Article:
Methodist Launches My Sister's Keeper

My Sisters Keeper_Ephie holding hands with audience member“This is a movement, not a moment,” Rev. Dr. Gina M. Stewart, Senior Pastor at Christ Missionary Baptist Church, remarked about My Sister’s Keeper, a comprehensive health initiative of Methodist Le Bonheur Healthcare focused on the health disparities of black women.

“From our Community Health Needs Assessment, we found that black women make up more than a quarter of the population in the Mid-South. Furthermore, they are impacted disproportionately by many health conditions,” explained Dr. Albert Mosley, SVP and Chief Mission Integration Officer at Methodist.

“We realized that we could not have this conversation without having the people who we were talking about at the table. So, we brought together a phenomenal committee of black women to help us think through these health issues and how Methodist could take action.”

Following the guidance of the committee, Methodist launched My Sister’s Keeper with five key goals: to increase knowledge of health services for black women; assist in building the personal, communal, and political power of black women; expand the capacity of black women leaders; provide health education for black women; and conduct and share research regarding the health issues of black women.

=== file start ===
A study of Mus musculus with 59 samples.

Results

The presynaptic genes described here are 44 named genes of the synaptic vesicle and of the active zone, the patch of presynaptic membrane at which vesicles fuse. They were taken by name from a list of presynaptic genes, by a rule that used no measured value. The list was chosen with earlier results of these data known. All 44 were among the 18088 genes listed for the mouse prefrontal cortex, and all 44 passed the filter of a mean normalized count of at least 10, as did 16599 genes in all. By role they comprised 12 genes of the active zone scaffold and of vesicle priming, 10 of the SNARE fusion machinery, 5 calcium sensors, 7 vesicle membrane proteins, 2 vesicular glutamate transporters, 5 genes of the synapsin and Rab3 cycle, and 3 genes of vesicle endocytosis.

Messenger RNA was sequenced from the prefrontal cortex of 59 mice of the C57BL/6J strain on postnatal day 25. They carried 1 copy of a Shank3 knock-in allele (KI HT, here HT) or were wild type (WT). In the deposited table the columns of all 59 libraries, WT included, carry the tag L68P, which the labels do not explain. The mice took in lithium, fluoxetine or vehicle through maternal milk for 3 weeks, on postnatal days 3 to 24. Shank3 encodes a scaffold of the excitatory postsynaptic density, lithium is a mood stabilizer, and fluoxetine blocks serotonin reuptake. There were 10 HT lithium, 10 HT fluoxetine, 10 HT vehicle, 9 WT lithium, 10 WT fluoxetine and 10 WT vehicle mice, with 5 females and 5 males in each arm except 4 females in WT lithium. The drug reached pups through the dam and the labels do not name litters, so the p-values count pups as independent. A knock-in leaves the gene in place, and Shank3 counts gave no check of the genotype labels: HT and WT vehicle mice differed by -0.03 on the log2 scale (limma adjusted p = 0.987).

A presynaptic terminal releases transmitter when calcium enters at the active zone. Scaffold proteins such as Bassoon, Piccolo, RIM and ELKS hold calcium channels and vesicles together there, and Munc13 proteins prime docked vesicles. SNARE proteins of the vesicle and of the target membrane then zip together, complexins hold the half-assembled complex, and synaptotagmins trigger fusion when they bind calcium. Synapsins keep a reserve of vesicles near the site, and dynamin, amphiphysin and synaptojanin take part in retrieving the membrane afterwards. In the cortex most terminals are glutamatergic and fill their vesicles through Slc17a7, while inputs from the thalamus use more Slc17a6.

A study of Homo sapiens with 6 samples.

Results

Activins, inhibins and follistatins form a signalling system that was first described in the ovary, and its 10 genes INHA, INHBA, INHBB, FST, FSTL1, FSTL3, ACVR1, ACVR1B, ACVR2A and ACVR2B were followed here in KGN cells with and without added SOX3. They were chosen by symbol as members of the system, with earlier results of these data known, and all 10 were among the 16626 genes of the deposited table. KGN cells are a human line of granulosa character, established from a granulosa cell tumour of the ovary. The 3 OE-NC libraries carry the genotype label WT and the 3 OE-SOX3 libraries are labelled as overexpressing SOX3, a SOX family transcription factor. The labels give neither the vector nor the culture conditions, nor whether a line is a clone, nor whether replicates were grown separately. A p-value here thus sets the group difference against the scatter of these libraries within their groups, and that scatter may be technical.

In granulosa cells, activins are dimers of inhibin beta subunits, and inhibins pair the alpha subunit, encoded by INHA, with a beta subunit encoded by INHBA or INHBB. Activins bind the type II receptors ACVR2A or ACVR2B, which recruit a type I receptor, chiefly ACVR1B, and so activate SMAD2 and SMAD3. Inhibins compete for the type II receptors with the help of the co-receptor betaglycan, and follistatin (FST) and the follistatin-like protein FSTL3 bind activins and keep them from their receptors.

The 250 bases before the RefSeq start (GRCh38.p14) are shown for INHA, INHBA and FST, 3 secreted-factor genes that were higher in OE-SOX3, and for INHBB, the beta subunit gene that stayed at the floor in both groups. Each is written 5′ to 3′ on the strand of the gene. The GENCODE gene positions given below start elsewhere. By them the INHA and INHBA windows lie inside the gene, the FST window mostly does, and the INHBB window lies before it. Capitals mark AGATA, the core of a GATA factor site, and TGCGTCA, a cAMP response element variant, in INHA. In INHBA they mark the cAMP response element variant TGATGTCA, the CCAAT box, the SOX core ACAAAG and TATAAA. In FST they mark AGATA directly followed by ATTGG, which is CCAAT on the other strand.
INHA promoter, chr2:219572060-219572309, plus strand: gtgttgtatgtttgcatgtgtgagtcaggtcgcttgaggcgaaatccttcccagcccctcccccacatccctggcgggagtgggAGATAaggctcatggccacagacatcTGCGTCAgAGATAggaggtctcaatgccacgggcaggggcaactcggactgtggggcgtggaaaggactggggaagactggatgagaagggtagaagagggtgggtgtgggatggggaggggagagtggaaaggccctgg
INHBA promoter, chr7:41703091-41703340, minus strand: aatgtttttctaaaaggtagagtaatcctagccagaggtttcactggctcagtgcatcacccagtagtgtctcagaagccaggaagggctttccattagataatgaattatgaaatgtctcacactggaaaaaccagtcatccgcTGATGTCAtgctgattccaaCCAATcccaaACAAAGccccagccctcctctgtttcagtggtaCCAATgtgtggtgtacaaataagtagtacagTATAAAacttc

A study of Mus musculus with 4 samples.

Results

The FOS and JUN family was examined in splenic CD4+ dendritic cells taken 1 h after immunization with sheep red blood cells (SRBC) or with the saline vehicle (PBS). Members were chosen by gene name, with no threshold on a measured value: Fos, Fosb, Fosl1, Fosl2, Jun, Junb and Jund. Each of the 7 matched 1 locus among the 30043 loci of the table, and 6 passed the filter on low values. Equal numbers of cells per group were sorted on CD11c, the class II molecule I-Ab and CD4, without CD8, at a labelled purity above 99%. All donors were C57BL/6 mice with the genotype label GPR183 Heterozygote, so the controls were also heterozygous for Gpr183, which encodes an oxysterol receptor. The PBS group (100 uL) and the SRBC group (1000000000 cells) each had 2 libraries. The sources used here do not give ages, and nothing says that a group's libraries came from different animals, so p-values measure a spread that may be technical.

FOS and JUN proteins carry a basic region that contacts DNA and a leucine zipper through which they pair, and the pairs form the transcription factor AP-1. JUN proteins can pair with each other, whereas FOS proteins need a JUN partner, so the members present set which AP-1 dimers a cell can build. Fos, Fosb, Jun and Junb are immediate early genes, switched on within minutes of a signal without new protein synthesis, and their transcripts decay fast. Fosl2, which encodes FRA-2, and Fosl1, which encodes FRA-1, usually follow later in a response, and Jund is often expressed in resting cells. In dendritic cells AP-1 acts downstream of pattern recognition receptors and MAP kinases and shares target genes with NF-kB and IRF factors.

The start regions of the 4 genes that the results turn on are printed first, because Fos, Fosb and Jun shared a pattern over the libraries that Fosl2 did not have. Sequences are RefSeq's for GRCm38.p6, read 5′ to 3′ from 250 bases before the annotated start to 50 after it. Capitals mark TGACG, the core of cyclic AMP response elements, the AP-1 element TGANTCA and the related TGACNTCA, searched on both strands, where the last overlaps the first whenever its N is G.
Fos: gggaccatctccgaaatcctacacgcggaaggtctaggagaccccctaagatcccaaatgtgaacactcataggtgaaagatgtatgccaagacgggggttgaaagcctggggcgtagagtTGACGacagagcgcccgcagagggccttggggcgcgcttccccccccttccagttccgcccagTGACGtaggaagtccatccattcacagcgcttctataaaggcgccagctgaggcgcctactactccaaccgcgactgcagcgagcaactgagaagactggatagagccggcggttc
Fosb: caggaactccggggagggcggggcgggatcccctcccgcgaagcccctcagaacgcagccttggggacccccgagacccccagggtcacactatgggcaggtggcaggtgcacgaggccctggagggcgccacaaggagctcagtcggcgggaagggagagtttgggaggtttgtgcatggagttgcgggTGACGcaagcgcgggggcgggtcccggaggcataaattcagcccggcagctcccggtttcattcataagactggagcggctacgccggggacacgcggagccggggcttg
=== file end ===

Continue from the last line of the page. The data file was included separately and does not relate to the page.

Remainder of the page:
In November 2018, the inaugural My Sister’s Keeper Summit was held, attracting over 100 black female religious, political and thought leaders from the Mid-South. The day-long event included worship, an “Ask the Docs” panel with five black female physicians, breakout sessions on health-related topics, and opportunities for biometric screenings.

“Participants said this is the first time that they have been to an event in the Mid-South where black female leaders gathered in one space to talk about the health and wholeness of black women,” Dr. Mosley added.

Planning is already underway for the second My Sister’s Keeper Summit as well as a new initiative, “Kitchen Table Talks,” which offer opportunities for smaller groups to gather in the community and at Methodist facilities.

The next steps of the movement will be informed by the committee and surveys that will aim to further understand the services and programs this community wants and needs.

“If we actually accomplish half of the goals that are stated, Methodist will have transformed the Mid-South community,” Dr. Mosley said. “We are truly aiming to serve more than a quarter of the community. We know from research that black women are ‘the keepers of health’ in the black community. The medical issues that affect the black community are going to be advanced by black women.”